Values, System and Design I

Concept of a value

A value can be defined in terms of:

  • Monetary value
  • Aesthetic value
  • Emotional bonding
  • Utility
  • A statement/idea different from that of a fact
  • A part of the social regulatory system (ten-commandments, book of family rites)


The core value of liberalism is…

The liberty or freedom of the individual ought to be of paramount importance

Historical reasons for the adoption of liberalism in the west include:

  • Religious warfare; Europe was the site of a great deal of religious/ethnic conflict throughout history. Free thinkers from 16th-17th centuries preached the virtue of individual freedom of conscience and choice of religious pursuit.
  • Religious reformation; Martin Luther's reform of Christianity placed emphasis on the importance of an individual's private relationship with God. This led to the separation of church and state (and religion became a private practice rather than a communal one).
  • Empiricism; a number of free-thinkers propagated the idea that all knowledge was ultimately derived from individual experience (ie: observation). This led to the idea that values cannot be genuine knowledge, as they can not be proved or verified through observation.

Value judgement

A value judgement is a rational decision concerning value

These can typically be stated in the form…

  • X is a good thing, because …
  • X is a bad thing, because …
  • X is better than Y, because …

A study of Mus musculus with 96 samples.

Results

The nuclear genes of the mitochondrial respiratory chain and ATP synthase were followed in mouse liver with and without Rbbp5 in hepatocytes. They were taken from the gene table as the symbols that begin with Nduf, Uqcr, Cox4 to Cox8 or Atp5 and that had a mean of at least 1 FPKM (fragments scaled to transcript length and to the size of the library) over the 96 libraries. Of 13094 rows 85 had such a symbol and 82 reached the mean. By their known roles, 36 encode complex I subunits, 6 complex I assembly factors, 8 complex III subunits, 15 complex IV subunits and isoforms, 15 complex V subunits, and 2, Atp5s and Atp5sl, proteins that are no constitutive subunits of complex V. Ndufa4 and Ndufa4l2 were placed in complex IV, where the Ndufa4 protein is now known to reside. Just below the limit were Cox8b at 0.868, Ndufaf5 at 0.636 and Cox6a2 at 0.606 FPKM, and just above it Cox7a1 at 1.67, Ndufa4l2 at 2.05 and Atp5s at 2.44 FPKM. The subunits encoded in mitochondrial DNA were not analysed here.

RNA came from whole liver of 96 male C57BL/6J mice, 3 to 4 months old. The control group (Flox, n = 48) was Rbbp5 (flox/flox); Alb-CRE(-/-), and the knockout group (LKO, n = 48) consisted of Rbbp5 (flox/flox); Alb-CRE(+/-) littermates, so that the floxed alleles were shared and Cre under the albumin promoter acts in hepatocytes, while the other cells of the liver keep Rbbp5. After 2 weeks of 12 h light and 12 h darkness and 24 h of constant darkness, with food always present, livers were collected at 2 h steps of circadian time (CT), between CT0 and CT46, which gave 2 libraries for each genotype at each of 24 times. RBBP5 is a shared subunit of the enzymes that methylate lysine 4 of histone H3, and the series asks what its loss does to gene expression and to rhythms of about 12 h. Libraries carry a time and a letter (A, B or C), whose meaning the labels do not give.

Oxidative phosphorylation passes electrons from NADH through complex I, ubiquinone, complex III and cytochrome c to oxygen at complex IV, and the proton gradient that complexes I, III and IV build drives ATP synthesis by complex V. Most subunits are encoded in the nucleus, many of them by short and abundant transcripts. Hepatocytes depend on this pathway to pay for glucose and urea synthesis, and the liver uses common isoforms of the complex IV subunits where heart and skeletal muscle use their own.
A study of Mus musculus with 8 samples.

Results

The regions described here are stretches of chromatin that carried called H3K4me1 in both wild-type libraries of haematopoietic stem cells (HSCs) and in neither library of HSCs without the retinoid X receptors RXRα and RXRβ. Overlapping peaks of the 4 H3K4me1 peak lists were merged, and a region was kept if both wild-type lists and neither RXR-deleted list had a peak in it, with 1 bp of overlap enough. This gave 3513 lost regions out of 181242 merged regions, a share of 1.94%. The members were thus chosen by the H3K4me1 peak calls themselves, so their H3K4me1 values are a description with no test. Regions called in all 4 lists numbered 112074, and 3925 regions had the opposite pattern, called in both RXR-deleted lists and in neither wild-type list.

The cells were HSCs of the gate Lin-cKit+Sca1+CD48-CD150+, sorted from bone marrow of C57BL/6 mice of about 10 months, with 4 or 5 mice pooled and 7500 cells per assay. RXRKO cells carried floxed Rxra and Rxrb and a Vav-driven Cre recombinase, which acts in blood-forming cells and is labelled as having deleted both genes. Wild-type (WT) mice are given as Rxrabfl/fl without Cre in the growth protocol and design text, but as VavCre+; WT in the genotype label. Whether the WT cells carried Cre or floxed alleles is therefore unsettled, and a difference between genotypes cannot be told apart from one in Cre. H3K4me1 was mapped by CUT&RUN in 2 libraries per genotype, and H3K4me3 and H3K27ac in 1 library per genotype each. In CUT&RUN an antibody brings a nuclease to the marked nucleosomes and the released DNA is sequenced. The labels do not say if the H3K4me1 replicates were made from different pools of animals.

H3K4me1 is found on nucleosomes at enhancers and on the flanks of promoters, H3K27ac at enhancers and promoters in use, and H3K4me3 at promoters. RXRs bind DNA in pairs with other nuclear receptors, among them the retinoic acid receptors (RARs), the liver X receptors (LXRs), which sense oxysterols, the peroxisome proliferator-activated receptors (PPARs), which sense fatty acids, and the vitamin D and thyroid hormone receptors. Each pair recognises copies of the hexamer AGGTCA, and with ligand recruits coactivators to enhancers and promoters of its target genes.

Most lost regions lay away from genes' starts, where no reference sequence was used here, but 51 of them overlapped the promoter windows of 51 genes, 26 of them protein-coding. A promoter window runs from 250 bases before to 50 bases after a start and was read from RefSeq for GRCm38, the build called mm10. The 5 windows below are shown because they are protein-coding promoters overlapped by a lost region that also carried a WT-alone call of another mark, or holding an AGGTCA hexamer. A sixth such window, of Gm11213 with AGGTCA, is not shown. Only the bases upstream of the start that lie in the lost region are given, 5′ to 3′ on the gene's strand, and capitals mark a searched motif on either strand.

• X is worse than Y, because …
  • etc. etc…

Uncertainty & value judgement

Judgements with uncertainty are not necessarily value judgements (ie: the rest mass of a photon).

Making a value enquiry

(In the context of proposing / denying the execution of a engineering project)…

Identify issues

What is the problem? What is the (proposed) solution?
Which systems are involved in the technological solution?
What are the pros and cons of the arguments?

Separate fact from value

What are the facts to support or oppose a project? What are the value judgements in the arguments for/against the project?


We evaluate both fact and value judgement.

  • Facts; is the data accurate? What about the criteria for collecting data and its interpretation?
  • Value judgements; is the value judgement "right"? (what are the reasons and are they valid). Are any values taken for granted?


If an agreement is not met, an opposing view point should be supplied (along with good reasons).

Value judgement and decision making

A course of action (decision, plan or policy) is rational only relative to some set of values / aims.
We say it is 'rational' relative to those values / aims if it is the most effective way of achieving those values or aims.